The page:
The final day of the 2018 League of Legends World Championship play-ins ended with a bang on Thursday, as the favorites of Groups A and B emerged victorious with the first seeds in Seoul, South Korea.
Fans of the League of Legends Pro League and the European League of Legends Championship Series can rest easy, as both Edward Gaming and G2 Esports managed to escape their respective groups with the No. 1 seed. EDG started the day with a scare as it got upset by the LLN's Infinity eSports CR after putting LPL regular season starting jungler Chen "Haro" Wen-Lin on the Rift in his World Championship debut. EDG, perhaps blinded by hubris or possibly lost without the veteran leadership of jungler Ming "Clearlove7" Kai, tried to brute force teamfights in the mid-late game with a top lane Fiora, which backfired spectacularly. Sure, EDG had already accrued a massive early game lead, but that's just what the world has come to expect of this dynamic squad. The second EDG slipped up, Infinity mid laner Sergio "Cotopaco" Silva's Irelia and top laner Jose "Relic" Pombo's Sion were there to make EDG pay, taking back-to-back 5-for-0 aces starting at 25 minutes to take the upset win and keep things interesting in Group A.
Edward Gaming would not be denied, though, bouncing back with aplomb against Dire Wolves in a clinical stomp. The tragedy that is Dire Wolves and the Oceanic Pro League as a whole at the World Championships added another disheartening chapter after a promising 1-1 start to the team's play-Ins runs when it got stomped by Infinity, eliminating the Dire Wolves from yet another World Championships in the very onset of the tournament. Credit is due to Infinity, though, which looked calm and poised in the win, occasionally losing control but never hesitating to make an aggressive play call to get right back in the driver's seat. The first pentakill of the 2018 World Championships marked the sad end of Dire Wolves' run as Infinity AD carry Renato "Renyu" Gallegos took down all five of the Wolves as Kai'Sa, propelling Infinity into an unlikely second seed finish.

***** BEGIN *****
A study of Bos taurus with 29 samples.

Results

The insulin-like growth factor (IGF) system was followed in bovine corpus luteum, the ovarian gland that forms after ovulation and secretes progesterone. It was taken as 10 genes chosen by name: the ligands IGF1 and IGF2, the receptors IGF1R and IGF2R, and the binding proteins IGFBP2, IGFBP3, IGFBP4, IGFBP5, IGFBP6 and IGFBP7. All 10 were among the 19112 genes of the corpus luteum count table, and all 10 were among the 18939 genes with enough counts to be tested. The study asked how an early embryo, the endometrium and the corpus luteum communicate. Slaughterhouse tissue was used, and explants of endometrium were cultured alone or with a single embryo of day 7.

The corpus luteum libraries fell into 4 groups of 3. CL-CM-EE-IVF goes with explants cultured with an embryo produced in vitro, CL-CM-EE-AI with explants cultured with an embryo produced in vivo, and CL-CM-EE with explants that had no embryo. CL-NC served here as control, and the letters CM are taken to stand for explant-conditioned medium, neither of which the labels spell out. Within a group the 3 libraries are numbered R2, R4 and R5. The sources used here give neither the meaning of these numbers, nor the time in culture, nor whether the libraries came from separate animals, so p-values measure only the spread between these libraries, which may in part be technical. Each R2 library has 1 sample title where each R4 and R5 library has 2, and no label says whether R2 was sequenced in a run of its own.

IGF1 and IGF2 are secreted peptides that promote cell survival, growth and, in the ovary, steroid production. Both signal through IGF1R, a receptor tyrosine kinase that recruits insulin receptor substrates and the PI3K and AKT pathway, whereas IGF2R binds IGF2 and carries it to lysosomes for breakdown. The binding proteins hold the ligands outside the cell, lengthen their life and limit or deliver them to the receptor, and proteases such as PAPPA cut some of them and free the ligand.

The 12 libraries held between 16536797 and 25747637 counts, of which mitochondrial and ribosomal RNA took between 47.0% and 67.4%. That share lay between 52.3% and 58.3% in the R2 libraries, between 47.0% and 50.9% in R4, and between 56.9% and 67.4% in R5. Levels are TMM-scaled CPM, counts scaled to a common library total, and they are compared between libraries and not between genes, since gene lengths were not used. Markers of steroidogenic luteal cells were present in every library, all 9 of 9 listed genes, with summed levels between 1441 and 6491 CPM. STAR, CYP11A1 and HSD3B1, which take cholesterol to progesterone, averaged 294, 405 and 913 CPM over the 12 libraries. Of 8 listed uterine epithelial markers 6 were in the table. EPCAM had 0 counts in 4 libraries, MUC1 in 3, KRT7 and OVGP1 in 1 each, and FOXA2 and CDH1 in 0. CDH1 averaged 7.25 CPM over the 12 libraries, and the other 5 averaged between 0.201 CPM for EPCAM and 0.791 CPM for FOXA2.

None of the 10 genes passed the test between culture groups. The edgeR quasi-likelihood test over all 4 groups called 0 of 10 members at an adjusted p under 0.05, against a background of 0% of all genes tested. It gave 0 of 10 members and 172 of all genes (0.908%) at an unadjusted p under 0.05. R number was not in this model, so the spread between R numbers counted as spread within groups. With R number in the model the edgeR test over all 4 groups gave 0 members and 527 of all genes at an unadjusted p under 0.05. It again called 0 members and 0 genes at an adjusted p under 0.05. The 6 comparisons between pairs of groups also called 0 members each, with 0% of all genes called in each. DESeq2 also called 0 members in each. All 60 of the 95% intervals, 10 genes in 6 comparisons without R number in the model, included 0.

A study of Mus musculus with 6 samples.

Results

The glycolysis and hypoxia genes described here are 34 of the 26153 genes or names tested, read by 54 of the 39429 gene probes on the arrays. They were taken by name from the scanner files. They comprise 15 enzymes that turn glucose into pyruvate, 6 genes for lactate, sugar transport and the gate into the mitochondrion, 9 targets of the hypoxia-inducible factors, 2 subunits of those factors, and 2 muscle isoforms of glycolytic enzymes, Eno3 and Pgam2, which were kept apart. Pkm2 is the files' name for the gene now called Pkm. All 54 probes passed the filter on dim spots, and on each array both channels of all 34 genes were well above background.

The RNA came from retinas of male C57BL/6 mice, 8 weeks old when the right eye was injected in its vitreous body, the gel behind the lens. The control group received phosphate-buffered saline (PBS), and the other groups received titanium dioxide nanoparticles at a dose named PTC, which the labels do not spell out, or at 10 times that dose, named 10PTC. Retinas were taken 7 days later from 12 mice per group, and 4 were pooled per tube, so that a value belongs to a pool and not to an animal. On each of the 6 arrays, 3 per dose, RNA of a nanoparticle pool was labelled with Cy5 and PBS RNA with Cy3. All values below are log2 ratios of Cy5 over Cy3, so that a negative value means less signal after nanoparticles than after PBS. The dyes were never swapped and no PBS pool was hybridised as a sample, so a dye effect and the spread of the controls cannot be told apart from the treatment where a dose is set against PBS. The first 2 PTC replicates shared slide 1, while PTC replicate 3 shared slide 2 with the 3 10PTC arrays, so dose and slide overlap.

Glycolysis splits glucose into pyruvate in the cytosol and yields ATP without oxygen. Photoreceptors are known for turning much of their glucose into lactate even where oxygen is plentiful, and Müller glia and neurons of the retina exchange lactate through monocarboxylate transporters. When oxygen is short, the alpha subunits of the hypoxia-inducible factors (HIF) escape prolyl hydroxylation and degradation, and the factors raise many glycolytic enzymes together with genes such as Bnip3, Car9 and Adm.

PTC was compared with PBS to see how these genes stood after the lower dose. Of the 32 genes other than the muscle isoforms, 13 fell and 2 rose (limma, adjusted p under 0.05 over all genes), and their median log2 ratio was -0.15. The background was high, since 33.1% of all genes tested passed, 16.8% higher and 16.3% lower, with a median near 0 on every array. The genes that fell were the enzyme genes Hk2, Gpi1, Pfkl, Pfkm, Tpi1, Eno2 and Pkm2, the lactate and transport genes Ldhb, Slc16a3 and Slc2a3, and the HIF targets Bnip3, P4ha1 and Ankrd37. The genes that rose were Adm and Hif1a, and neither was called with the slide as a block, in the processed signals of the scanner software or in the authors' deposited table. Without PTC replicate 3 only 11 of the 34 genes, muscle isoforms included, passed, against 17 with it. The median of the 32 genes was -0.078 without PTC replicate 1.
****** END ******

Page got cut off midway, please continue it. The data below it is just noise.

Meanwhile, Supermassive came into Thursday's action with a 2-0 record in Group B, including a win over European powerhouse, G2 Esports. G2 would settle the score, though, taking down Supermassive in group play to open the day and the first-seed tiebreaker match to close things out. Supermassive looked competitive in the teams' first matchup, with G2 eeking out a win thanks to clean macro play and a strong showing from jungler Marcin "Jankos" Jankowski. In the tiebreaker, though, G2 flexed on Supermassive, juking the Turkish champions in the draft by sending Akali to the top lane in the hands of Martin "Wunder" Hansen while giving mid-laner Luka "Perkz" Perkovic the bruiser-carry Urgot. Wunder was the star of the tiebreaker game, dominating Supermassive top laner Asim "fabFabulous" Cihat Karakaya's Aatrox and showing that, despite Supermassive's hype, there are plenty of weaknesses for other teams to exploit as fabFabulous' discomfort on playing carry champions was painfully apparent.
At the end of the day, though, Group B ended up how most predicted heading into the tournament: G2 on top, Supermassive putting up a good performance to earn second place, and poor Ascension Gaming getting knocked out of Worlds empty handed with nary a win to its name. Looking ahead to the best-of-five series to determine which teams make it to the Worlds' Group Stage, G2 next faces Infinity eSports CR, Edward Gaming takes on Japan's Cinderella story, DetonatioN FocusMe, Supermassive gets a chance to prove itself against upstart G-Rex, and North America's Cloud9 battles CIS legends Gambit Gaming. The qualifiers kick off with Cloud9 taking on Gambit at 12 a.m. ET on Saturday, followed by Edward Gaming vs DetonatioN FocusMe later that day at 4 a.m. ET.